UK snow forecast: Thundersnow sparks -8C weekend freeze as Greenland air smashes Britain

Met Office issues snow warnings for parts of UK


The cold air brought temperatures of -8C in Yorkshire and Highland Scotland and -7C in Bedfordshire, Northumberland overnight last night.

The Met Office is forecasting lows of -8C overnight in parts of Scotland on Saturday. 

Netweather has forecast snow over Northern England, Scotland and the Welsh Mountains, but added the parts of the UK – such as southwest Wales, coastal southwest England and Northern Ireland – could see milder air.

Weather forecaster WXCharts predicted up to 0.7 inches (2cm) of snow per hour in northwest England and parts of Scotland and less than 0.3 inches (1cm) in Manchester and the surrounding areas.

It has forecast up to 8 inches (20cm) of snow in total in parts of Scotland by the end of Friday, continuing through to the weekend.

Northwest Scotland could see up to 10 inches (25cm) of snow by Sunday.

Jo Farrow, Netweather forecaster, said: “The Met Office has a yellow warning for snow over higher level routes such as trans-Pennine, through the Southern Uplands and into Highland Scotland.

“These warnings reflect the forecast impacts because of the severe weather.

“There will be snow for a time outside of the warned area, as a southerly wind picks up and rain appears.

“Mostly the snow will be over the hills but lower parts of northern England and Scotland could see a little bit of snow today.

“Temperatures for SW Wales and coastal SW England could reach 9 or 10C with Northern Ireland up to 8c in a sliver of milder air.”

She added: “Polar Maritime air from Greenland, moving across the north Atlantic, picking up moisture and then throwing a lot of showers our way.

“The mixed showers of rain, sleet and snow will continue to feed in from the Atlantic, over Northern Ireland with more shelter for Counties Down and Antrim.

“Also, over Scotland with heavier falls for the NW Highlands and Trossachs.

“Over northern England and Yorkshire with western areas being more prone but the snow showers reaching across to the Dales and Peaks.


“This will move over SW England, the West Country and south Wales later on Friday morning with cloud and rain but also hill snow.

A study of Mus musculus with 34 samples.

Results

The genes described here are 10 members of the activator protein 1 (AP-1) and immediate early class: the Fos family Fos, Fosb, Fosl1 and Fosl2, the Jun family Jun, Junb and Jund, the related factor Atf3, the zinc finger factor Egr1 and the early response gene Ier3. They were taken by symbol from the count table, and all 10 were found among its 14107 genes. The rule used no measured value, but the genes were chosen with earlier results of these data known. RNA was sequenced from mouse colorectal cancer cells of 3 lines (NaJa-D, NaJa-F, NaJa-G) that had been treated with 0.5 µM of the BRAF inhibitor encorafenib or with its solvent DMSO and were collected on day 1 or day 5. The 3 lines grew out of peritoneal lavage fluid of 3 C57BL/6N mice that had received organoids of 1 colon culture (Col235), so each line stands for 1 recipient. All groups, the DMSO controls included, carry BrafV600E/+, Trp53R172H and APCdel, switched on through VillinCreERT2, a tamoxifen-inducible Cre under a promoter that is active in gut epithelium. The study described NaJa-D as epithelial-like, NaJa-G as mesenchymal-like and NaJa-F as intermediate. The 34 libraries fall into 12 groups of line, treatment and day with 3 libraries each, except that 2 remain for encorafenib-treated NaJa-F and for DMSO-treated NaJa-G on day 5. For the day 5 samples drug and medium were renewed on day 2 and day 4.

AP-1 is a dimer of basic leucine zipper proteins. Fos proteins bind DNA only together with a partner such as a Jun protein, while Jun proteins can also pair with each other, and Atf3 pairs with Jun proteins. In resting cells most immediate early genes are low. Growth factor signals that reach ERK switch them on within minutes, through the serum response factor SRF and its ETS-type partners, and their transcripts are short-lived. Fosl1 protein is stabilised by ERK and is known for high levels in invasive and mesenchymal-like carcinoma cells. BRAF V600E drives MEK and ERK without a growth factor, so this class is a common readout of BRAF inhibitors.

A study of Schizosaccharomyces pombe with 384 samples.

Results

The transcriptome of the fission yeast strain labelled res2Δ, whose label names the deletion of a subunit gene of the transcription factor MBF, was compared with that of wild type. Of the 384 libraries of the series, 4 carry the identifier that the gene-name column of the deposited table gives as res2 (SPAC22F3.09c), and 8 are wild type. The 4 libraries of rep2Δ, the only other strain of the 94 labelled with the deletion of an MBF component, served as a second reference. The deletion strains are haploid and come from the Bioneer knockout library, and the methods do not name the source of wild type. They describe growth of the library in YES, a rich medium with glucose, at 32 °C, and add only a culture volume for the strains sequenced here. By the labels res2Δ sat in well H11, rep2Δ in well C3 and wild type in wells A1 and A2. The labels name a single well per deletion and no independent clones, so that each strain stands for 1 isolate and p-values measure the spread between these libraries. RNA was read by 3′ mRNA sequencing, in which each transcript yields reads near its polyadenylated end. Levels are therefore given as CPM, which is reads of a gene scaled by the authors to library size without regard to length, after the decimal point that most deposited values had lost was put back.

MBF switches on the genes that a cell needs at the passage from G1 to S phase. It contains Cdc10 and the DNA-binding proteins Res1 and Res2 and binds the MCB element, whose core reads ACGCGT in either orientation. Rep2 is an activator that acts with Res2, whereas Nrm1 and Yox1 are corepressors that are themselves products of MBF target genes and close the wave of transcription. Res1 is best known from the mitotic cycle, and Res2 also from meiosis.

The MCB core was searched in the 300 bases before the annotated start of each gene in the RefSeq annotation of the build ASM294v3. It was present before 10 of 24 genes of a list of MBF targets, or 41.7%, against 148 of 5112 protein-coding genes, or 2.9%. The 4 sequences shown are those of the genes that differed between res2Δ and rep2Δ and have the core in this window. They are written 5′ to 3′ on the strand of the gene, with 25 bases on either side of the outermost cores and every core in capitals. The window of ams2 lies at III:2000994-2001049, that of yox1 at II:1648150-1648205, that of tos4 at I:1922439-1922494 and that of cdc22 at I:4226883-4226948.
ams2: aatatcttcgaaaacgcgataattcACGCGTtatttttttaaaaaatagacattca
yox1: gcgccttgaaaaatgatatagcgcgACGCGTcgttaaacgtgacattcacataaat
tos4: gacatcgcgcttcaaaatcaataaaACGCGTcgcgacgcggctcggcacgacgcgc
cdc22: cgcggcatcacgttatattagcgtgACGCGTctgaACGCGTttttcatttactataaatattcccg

“Worth bearing in mind for Exmoor and Dartmoor with a slight veer in the wind by the afternoon.

“Temperatures by day will be 3 to 6C and it will feel cold in the wind and damp air.”

The Met Office forecast a “fresh covering of snow”, with up to 6 inches (15cm) on the highest ground.

It warned that “frequent sleet, hail and snow showers may lead to some disruption to travel” on Friday.

Continuing through to the weekend, the Met Office has forecast further “wintry” weather, saying: “Early cloud and rain, heavy at times, clearing eastwards, probably finally clearing the far east and southeast of England after dark. Brighter spells and showers, wintry over hills, follow.”

It said the areas affected by the yellow weather warnings in force this morning may see “travel delays on roads with a small chance of some stranded vehicles and passengers, along with delayed or cancelled rail and air travel”.

The Met Office also warned of power cuts, icy patches and a “slight chance that some rural communities could become cut off”.

It added: “Frequent wintry showers arriving from the west during Thursday evening and overnight are likely to lead to a fresh covering of snow for areas above 100-200m (mainly 2-5 cm, but locally 5-10 cm above 200 m and as much as 15 cm over the highest ground where showers are most frequent).

“Falling snow below this level may cause some temporary slushy accumulations which then may freeze and cause icy patches where skies remain clear for long enough.

“Winds will be gusty around heavier showers and there is also a risk of lightning strikes from isolated thunderstorms in some coastal districts.”